Stamping out loan sharks so people don’t fall victim to never-ending debt

It’s the time of year when people are most likely to feel the pinch and turn to loan sharks to stave off Christmas money worries.

Riverside's Lorna Cotterill with the Stop Loan Sharks bus campaign.
Riverside’s Lorna Cotterill with the Stop Loan Sharks bus campaign.


The festive season can be a stressful time for many people especially for those on a tight budget who want to make Christmas extra special.

Unfortunately it’s also prime opportunity for illegal money lenders to prey on vulnerable victims when cash is tight and mislead them into thinking it is the only solution.

To combat the problem, housing association Riverside has teamed up with Prima and St Leonard’s Community Centre in Bootle to raise awareness of the risks of turning to unscrupulous loan sharks so no one falls victim to their tricks.

Posters with the telephone number to report loan sharks are blazoned on buses and stencil prints are being jet washed onto the footpaths in key locations where people are likely to be targeted.

Schoolchildren from Sir Thomas Gray and All Saint’s primary schools will be given presentations on the perils of using loan sharks.

Stop Loan Sharks campaign in Bootle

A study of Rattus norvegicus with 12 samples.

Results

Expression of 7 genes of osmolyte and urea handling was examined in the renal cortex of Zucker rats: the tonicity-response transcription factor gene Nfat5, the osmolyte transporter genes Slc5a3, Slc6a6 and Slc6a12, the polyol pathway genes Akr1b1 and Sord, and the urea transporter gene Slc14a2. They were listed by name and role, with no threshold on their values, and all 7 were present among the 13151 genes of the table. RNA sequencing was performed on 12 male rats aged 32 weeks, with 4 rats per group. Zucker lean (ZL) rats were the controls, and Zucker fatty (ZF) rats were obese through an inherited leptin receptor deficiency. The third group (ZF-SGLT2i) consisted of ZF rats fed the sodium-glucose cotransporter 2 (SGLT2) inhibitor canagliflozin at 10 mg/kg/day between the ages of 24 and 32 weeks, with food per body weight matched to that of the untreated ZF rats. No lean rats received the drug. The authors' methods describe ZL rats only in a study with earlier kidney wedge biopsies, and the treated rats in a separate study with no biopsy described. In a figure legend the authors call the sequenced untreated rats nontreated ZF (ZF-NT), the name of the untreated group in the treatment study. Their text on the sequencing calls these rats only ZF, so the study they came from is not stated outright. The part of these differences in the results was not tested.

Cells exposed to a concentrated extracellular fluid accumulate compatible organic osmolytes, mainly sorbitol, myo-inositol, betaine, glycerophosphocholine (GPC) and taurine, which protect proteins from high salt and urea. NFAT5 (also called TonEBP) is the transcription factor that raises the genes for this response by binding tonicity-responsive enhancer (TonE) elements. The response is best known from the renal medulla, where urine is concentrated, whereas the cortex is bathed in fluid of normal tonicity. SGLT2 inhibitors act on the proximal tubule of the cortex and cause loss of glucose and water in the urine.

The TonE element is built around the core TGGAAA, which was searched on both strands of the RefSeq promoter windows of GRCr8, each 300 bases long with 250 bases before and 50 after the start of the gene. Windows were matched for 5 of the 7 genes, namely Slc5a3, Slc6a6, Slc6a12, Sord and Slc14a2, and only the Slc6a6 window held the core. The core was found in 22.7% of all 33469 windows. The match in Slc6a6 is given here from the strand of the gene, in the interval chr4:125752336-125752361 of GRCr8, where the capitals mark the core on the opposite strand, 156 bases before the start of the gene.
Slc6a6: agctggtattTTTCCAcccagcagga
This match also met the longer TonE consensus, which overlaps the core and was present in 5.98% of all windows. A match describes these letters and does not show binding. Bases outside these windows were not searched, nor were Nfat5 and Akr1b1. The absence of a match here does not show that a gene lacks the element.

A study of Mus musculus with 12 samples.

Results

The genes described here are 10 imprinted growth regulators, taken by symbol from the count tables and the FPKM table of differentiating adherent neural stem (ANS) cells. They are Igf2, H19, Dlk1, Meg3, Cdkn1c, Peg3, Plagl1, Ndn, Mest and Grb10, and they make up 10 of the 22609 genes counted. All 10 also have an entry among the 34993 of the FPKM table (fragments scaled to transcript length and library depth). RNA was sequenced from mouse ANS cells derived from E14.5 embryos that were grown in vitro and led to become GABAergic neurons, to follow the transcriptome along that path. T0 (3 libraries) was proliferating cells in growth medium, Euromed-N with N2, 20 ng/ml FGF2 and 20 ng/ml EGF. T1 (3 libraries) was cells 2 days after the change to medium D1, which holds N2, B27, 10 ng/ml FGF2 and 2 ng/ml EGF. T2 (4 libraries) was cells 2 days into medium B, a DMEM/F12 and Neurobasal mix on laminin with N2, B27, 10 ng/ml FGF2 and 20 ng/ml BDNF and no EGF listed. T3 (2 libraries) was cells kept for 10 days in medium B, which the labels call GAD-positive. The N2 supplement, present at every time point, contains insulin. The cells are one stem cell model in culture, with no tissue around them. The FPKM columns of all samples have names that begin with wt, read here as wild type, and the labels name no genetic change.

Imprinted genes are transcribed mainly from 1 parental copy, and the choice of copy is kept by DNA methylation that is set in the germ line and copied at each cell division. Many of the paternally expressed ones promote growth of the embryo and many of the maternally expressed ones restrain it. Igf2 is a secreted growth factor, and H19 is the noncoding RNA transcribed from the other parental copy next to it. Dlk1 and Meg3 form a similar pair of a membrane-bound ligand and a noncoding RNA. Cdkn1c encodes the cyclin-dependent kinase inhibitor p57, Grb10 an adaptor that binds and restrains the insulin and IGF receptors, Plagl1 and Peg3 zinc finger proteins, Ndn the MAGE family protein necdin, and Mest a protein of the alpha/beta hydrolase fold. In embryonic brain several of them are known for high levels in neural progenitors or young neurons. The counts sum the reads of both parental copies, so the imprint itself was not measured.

Dean Butterworth, Riverside’s Regional Director Liverpool City Region, said: “Christmas can be stressful for many people who worry about paying for presents, food and decorations, and feel the pressure to spend more than they can afford.

“It can feel like an easy solution to turn to loan sharks however they may not realise the extortionate interest rates making it impossible for them to pay back. It’s important that residents stay away from loan sharks and only borrow from responsible lenders such as a credit union.”

The project has been funded using proceeds of crime money seized from convicted loan sharks.

Stop Loan Sharks campaign in Bootle

Tony Quigley, Head of the Illegal Money Lending Team, said: “Loan sharks are ruthless criminals who exploit some of the most vulnerable and often use intimidation and violence to fleece their victims.

“At this time of the year especially, residents may be tempted to turn to loan sharks but our message is clear – what may seem like a small loan to pay for gifts or just to tide you over, could end up costing you for years to come.

“This campaign is an excellent example of how partners in communities, such as Bootle, can work together across the area to stamp out fear and vulnerability caused by illegal money lenders.”

Anyone with information about loan sharking, or people who have fallen victim of loan sharks, is urged to contact the England Illegal Money Lending Team on 0300 555 2222.